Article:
Tuesday, October 27, 2009

From tragedy to hoax

One news story that seemed to be everywhere two weeks ago was that of 'The Balloon Boy.' Now, it is quite silly to think that such a story would exhibit newsworthiness, which is "the value of any particular item to a news organization." News stations were providing live coverage of the balloon in the air and during its landing. It even cut away from a live broadcast of President Obama in New Orleans. This story attracted such attention because it was such a bizarre story about a young boy's life in danger, which consequently triggered the audience's emotions and concerns over his safety. This is a perfect example of Surette's definition of a media trial, "in which the media co-opt the criminal justice system as a source of high drama and entertainment." When this news story first unfolded, it was presented as "breaking news" and was dealt with on a very serious level, as you can tell in the youtube video below:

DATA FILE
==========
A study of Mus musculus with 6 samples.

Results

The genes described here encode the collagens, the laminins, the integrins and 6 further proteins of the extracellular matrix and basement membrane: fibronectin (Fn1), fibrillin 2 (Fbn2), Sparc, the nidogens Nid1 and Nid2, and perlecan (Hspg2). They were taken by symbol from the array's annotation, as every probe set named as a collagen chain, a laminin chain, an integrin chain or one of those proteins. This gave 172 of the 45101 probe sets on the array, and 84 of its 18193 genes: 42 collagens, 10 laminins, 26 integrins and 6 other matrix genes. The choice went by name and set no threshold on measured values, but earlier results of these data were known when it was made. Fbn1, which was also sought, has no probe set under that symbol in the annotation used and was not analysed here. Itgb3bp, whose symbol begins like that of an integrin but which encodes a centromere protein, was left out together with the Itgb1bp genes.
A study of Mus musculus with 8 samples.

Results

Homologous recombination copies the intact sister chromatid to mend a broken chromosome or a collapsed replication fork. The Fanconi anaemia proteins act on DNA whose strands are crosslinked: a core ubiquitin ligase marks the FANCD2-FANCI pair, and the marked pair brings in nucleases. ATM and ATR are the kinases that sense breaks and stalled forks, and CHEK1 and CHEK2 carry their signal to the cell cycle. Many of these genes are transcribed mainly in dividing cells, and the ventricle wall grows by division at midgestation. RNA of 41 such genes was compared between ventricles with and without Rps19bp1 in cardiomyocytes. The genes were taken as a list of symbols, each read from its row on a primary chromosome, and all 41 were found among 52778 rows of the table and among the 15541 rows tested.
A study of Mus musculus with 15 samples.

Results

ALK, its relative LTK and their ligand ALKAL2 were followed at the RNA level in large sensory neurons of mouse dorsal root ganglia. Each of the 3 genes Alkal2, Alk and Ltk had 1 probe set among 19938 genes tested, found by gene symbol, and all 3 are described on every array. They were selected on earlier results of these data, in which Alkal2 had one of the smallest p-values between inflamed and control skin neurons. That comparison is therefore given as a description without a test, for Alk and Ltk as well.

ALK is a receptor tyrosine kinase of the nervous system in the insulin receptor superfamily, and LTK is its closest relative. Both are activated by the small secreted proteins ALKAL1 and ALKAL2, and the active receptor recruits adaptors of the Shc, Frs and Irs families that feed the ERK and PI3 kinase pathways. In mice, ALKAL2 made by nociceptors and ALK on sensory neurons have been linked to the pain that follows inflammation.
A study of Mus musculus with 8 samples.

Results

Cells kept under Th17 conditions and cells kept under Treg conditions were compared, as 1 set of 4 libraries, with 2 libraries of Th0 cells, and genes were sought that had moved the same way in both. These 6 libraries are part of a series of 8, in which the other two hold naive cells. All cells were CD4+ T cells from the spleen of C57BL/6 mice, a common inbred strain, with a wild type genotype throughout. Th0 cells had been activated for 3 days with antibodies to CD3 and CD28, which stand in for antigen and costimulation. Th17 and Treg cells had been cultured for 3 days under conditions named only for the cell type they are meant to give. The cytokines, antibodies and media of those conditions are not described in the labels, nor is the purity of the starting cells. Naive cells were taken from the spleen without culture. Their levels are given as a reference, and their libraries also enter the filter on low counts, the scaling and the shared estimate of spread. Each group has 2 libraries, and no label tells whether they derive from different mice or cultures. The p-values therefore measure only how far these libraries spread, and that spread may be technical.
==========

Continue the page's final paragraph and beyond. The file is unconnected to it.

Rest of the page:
The news reporters followed this story with great concern and described the great lengths authorities took to aid the boy. 
However, once the truth behind this story was revealed, respect was lost and it was portrayed by media as a hoax. It even resulted in a "Balloon Boy Halloween Costume.
This article from New York Magazine deals with this issue as a joke. It jokes that "The best part about dressing up as Falcon, though, is that when you get drunk and vomit on yourself later in the night, you can pretend it's all part of the costume, and instead of people being disgusted, they'll respect you for your devotion to authenticity." The Balloon Boy case is similar to the example Lambiase gave in "The Problem with All American Girls" which focused on the evolution of a murder coverage. It is interesting how quickly the media changes its standpoint and portrayal of the same news story as new evidence is received.